NEW ORLEANS -- Trailing by 18 points to the New Orleans Saints late in the third quarter Sunday, not many could have blamed the winless Kansas City Chiefs if they had started thinking about the bitter inevitability of an 0-3 start.
It took one historic run - a 91-yard touchdown scamper by Jamaal Charles that was the longest run from scrimmage in Chiefs' history - to ignite an avalanche that culminated in 233 rushing yards by Charles and six field goals by Ryan Succop, including the 31-yard game winner with 6:28 left in overtime, to bury the Saints, 27-24, at the Mercedes-Benz Superdome.
"It truly does sometime take one play," Kansas City quarterback Matt Cassel said, referring to Charles' burst around left end for the touchdown on the first play after the Saints had taken a 24-6 lead with 5:41 left in the third on Drew Brees' 1-yard pass to fullback Jed Collins. "One play speaks volumes sometimes. You get that spark, and then you get an interception and make some plays. Jamaal was huge for us."
Charles, who took a shot to the knee in a loss against Buffalo last week, hardly looked gimpy as he raced around left end and outraced the entire Saints' secondary into the end zone. Safety Roman Harper grasped at air as Charles approached the Saints' 10-yard line.
"I just tried to go out there and run as fast as I can, and I ended up scoring," Charles said. "I just thank God for letting me show my speed again."
Chiefs coach Romeo Crennel said his eyes got wide as he saw Charles motor past him on the sidelines and he saw the Saints' secondary in trail mode.
"That was one long run," Crennel said. "I saw the (defender) coming from behind, and sometimes those guys coming from behind are able to strip the ball. So I was yelling to him, 'Watch from behind!' But I knew he was going to be able to go all the way."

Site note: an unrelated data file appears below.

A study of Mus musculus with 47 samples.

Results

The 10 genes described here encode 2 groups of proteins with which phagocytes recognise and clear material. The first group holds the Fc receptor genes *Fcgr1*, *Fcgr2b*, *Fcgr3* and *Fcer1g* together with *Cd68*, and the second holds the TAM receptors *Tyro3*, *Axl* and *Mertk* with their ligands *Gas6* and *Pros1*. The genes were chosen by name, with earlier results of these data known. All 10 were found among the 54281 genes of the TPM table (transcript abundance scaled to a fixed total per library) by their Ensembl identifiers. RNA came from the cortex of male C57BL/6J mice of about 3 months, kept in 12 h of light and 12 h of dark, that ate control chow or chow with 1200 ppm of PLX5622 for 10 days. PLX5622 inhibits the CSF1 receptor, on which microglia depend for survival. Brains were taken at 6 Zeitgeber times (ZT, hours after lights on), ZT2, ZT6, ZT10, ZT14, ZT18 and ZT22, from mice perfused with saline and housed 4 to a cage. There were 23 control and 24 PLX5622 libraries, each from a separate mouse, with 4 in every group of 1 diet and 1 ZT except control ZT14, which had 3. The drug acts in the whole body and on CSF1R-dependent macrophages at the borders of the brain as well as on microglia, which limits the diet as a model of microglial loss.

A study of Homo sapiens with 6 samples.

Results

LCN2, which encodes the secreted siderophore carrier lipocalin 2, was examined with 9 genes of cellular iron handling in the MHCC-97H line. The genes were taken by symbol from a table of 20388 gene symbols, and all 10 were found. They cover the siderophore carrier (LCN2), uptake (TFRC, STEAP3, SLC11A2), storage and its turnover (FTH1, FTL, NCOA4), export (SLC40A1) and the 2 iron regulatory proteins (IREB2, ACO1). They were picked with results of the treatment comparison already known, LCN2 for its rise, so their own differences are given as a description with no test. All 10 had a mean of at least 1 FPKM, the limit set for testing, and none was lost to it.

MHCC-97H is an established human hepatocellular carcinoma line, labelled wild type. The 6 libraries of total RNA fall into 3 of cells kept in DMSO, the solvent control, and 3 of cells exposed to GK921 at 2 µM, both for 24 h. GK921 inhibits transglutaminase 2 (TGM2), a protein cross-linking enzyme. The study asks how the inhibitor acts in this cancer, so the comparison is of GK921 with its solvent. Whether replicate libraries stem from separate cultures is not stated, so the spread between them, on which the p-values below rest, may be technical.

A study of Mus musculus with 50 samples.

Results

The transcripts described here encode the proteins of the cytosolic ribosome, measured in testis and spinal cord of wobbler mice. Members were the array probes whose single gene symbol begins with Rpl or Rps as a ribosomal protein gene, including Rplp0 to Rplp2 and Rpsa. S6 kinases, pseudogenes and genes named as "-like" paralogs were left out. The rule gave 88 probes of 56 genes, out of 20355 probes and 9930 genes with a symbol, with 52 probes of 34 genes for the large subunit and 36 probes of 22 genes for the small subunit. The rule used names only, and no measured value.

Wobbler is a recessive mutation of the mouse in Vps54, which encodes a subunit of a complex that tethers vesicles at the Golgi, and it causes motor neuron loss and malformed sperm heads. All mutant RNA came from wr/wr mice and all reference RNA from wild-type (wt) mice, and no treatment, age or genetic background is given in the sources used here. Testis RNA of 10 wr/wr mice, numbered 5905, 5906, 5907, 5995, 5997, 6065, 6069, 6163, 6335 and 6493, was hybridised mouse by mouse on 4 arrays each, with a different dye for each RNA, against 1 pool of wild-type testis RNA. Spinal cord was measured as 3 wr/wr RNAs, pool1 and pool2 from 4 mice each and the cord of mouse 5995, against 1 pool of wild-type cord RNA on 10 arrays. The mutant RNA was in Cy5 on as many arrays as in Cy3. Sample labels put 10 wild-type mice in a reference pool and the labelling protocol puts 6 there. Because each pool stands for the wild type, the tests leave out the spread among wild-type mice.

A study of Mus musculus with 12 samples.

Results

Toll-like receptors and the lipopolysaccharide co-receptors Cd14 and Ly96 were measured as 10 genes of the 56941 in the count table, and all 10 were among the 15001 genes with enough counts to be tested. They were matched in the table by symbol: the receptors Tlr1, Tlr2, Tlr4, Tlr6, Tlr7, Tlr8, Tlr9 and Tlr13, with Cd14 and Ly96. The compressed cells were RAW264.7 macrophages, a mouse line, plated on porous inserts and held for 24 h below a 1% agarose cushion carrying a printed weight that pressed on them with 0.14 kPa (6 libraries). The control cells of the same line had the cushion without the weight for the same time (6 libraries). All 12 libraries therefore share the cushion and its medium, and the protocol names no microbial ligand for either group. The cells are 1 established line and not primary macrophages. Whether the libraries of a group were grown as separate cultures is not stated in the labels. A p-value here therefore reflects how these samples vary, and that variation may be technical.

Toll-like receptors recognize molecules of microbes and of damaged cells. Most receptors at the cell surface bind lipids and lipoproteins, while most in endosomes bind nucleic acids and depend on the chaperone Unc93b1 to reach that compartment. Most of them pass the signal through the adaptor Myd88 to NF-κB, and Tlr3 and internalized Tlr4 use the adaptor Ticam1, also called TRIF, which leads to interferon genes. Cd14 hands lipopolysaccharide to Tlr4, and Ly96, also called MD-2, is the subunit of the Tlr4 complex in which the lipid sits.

The Saints' second-half collapse, which has left them searching for answers at 0-3, was more than one bad defensive play. Brees threw an interception immediately after Charles' 91-yard TD, which led to a 34-yard Succop field goal. In the fourth quarter and overtimes, the Chiefs outgained the Saints 144 yards to minus-16 yards.
"The third and fourth quarter were really abysmal," Brees said, who was 7-of-17 for just 70 yards in the second half and was sacked in the end zone by linebacker Justin Houston for a safety with 5:33 left, drawing the Chiefs within 24-21. "We've got to find a way to fix that.
That's not our standard, and that's going to get fixed."
In addition to his 233 yards on 33 carries, Charles added 55 yards on eight receptions. He is the only player in NFL history other than Jim Brown in 1963 to gain 225 yards rushing and 50 yards receiving in a game.
After being inconsistent in a week one loss to Atlanta, Succop made all six field goal tries, with the others coming from 25, 45, 34, 38 and 43 yards. The 43-yarder sent the game into overtime with three seconds left in regulation.
"I felt like I hit them all good today," Succop said. "This was a huge team win."
The Saints appeared headed to a walkover, leading 24-6 with 6:21 left in the third quarter. But the Saints' defense -- the worst in the NFL against the run -- couldn't come close to putting a hand Charles.
After the 91-yard Charles run, cornerback Stanford Routt picked off a Brees underthrow on the Saints' next possession, and Charles went to work again, this time galloping 40 yards through a massive hole off right tackle. That set up Succop's 34-yard field goal, moving the Chiefs within 24-16 with 13:45 left.
After a three-and-out, Matt Cassel moved the Chiefs 50 yards in nine plays to set up another Succop field goal, this one from 38 yards, to inch closer, 24-19, with just over nine minutes left.
NOTES: Brees' 9-yard touchdown pass to Lance Moore on the Saints'
opening possession extended his streak of throwing a scoring pass in
46 consecutive games, one shy of Johnny Unitas' all-time NFL record. ...
The officials had a crash course in video reviews. Five separate on-field rulings were reversed by replacement referee Don King, and two erased apparent Saints' touchdowns. ... The Chiefs had to juggle their offensive line, moving left guard Ryan Lilja to center when Rodney Hudson went down with a knee injury. Running back Dexter McCluster suffered a left elbow injury and did not return.